Runtime 135 minutes.
OK for children.
While A Hijacking earlier this year gave a compelling story of a hijacking on the high seas, this one is a completely different deal. The former involved months of negotiations and emphasized the boredom of the captured crew. This new one is filled with action and bullets and typifies Hollywood. Even though both are based on true stories, to give Hollywood credit, the hijacking of Captain Phillips’ (Tom Hanks) ship was over in a very short period of time and did end with a lot of violence.
It is based on the 2009 hijacking of the container ship Maersk Alabama by Somali pirates. Fortunately, it’s directed by Paul Greengrass, who has a string of terrific action films to his credit including the two Bourne films that were any good and 2006’s United 93, the only good film yet made about 9/11 (Oliver Stone’s try, 2006’s World Trade Center, was dismal to give it the best of it). Based on Phillips’ book, A Captain’s Duty: Somali Pirates, Navy SEALs, and Dangerous Days at Sea, written with Stephan Talty, the screenplay is written by Billy Ray, who wrote and directed Shattered Glass (2003), one of the best print media movies ever made. Even though the film is too long, these two make it worth the time.
Greengrass makes it sort of like a documentary, called a docudrama, in the style of Roberto Rossellini’s Rome, Open City (1945) and Gillo Pontecorvo’s The Battle of Algiers (1966), although this is much more Hollywood than those. Greengrass strikes a happy medium, obtaining the influence of the older films without sacrificing what makes Hollywood Hollywood.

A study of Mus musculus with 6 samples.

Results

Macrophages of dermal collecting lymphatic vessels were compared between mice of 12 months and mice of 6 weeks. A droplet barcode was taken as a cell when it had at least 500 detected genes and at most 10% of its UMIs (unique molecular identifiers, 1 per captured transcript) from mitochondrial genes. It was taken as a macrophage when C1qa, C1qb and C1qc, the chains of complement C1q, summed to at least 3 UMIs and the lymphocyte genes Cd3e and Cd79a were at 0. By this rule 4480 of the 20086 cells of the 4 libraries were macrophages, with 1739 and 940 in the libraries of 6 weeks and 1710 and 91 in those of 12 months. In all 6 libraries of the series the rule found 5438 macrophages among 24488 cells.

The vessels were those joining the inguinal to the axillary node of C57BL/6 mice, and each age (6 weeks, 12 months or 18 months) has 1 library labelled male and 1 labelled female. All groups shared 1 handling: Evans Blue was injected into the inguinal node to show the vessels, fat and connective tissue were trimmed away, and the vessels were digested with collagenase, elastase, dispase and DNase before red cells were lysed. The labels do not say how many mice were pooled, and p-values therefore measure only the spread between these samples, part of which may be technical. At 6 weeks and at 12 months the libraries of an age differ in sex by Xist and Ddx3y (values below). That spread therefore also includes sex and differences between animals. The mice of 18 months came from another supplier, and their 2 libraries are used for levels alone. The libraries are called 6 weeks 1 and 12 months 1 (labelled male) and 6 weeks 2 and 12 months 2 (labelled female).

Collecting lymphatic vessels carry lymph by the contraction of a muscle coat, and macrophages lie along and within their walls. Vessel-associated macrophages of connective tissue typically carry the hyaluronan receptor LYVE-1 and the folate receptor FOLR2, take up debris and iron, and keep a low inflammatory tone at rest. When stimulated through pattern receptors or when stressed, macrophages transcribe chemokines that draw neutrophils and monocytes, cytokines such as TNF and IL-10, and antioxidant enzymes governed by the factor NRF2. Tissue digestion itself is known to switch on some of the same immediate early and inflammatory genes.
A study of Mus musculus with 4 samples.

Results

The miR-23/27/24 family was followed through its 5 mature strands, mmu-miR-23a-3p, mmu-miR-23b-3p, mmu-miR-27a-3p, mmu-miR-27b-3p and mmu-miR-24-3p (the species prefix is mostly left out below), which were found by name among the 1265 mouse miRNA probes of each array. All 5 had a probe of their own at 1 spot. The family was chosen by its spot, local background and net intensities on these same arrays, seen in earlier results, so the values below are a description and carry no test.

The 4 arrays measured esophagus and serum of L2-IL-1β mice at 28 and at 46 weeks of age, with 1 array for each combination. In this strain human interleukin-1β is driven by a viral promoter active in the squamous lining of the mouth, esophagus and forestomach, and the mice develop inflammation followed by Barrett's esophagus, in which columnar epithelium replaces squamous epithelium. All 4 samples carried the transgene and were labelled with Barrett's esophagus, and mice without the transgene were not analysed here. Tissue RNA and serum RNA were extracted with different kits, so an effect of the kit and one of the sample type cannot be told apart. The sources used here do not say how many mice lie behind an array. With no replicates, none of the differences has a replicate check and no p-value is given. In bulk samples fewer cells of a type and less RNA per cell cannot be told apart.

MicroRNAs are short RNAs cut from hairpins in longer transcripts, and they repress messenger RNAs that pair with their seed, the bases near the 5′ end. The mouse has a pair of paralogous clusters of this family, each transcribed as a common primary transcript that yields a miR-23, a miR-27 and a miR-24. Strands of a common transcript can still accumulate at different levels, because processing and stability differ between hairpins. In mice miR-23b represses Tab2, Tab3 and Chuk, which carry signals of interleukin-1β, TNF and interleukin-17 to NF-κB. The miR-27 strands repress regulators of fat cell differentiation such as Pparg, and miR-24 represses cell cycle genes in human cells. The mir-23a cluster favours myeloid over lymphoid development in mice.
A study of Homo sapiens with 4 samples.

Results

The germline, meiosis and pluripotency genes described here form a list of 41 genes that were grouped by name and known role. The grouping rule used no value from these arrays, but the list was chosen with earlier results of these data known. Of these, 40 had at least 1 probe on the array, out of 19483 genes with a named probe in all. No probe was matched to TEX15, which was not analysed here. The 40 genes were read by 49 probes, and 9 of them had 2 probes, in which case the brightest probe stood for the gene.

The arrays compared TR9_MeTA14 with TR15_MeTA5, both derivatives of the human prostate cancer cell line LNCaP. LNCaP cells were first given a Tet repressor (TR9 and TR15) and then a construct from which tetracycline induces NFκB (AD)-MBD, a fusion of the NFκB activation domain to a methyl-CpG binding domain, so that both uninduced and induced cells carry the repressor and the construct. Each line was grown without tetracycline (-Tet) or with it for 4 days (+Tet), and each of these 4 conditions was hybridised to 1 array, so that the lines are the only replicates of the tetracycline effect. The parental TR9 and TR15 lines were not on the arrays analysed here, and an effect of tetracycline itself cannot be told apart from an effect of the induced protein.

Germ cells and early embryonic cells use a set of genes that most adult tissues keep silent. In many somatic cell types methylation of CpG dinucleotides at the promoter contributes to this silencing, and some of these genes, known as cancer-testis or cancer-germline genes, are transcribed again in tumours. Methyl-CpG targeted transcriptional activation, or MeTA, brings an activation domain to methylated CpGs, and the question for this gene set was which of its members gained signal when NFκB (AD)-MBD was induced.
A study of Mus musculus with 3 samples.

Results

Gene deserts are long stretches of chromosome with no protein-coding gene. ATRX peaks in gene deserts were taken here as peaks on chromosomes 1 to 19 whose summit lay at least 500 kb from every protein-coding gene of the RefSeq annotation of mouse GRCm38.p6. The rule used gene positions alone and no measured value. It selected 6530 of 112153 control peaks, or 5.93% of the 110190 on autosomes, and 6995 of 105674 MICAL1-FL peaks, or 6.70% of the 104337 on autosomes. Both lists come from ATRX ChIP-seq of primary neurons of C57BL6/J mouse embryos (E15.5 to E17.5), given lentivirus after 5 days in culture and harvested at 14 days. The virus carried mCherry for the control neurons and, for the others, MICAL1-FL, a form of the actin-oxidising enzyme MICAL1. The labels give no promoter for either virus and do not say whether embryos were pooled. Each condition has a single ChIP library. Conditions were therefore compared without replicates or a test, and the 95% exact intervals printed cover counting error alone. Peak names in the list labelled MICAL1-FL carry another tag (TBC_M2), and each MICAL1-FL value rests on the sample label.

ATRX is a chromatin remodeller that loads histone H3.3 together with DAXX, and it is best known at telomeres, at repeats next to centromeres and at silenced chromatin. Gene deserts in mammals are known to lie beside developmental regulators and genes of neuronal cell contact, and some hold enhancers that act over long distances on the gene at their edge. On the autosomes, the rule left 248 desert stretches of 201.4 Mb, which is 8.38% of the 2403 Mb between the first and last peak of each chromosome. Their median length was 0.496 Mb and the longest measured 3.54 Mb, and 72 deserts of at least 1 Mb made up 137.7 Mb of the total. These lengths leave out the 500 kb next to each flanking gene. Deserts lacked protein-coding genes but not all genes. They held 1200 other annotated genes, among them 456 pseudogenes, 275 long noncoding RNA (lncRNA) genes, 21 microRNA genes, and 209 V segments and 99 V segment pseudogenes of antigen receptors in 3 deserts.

And that’s slam-bang action. Greengrass shot most of the film, 60 days’ worth, on the open sea. This required exceptional skills of the cinematographer, Barry Ackroyd, who says that no CG was used in the film. Everything shown actually happened. Hanks, for example, had to spend many days in the lifeboat, as did other cast members, and they all suffered sea sickness.
Hanks gives a good performance, as does Barkhad Abdi as Muse, the leader of the Somalis. While I remember the incident well, I thought that Phillips was heroic, volunteering to go with the pirates as a hostage. That’s not the way this film shows it. Also, I never could understand how the SEAL sharpshooters could have such accurate shooting on the high seas to take out three pirates simultaneously. The film covers this shooting, but it still doesn’t explain how such near-impossible shots could have been made.
The film gives a relatively sympathetic picture of the pirates, especially Muse, and actually makes the Navy look deceitful and dishonest. Maybe this is what happened, but you come away feeling that Muse ended up as a victim.
Greengrass keeps the tension mounting throughout the entire film. Despite the runtime, the story does not lag.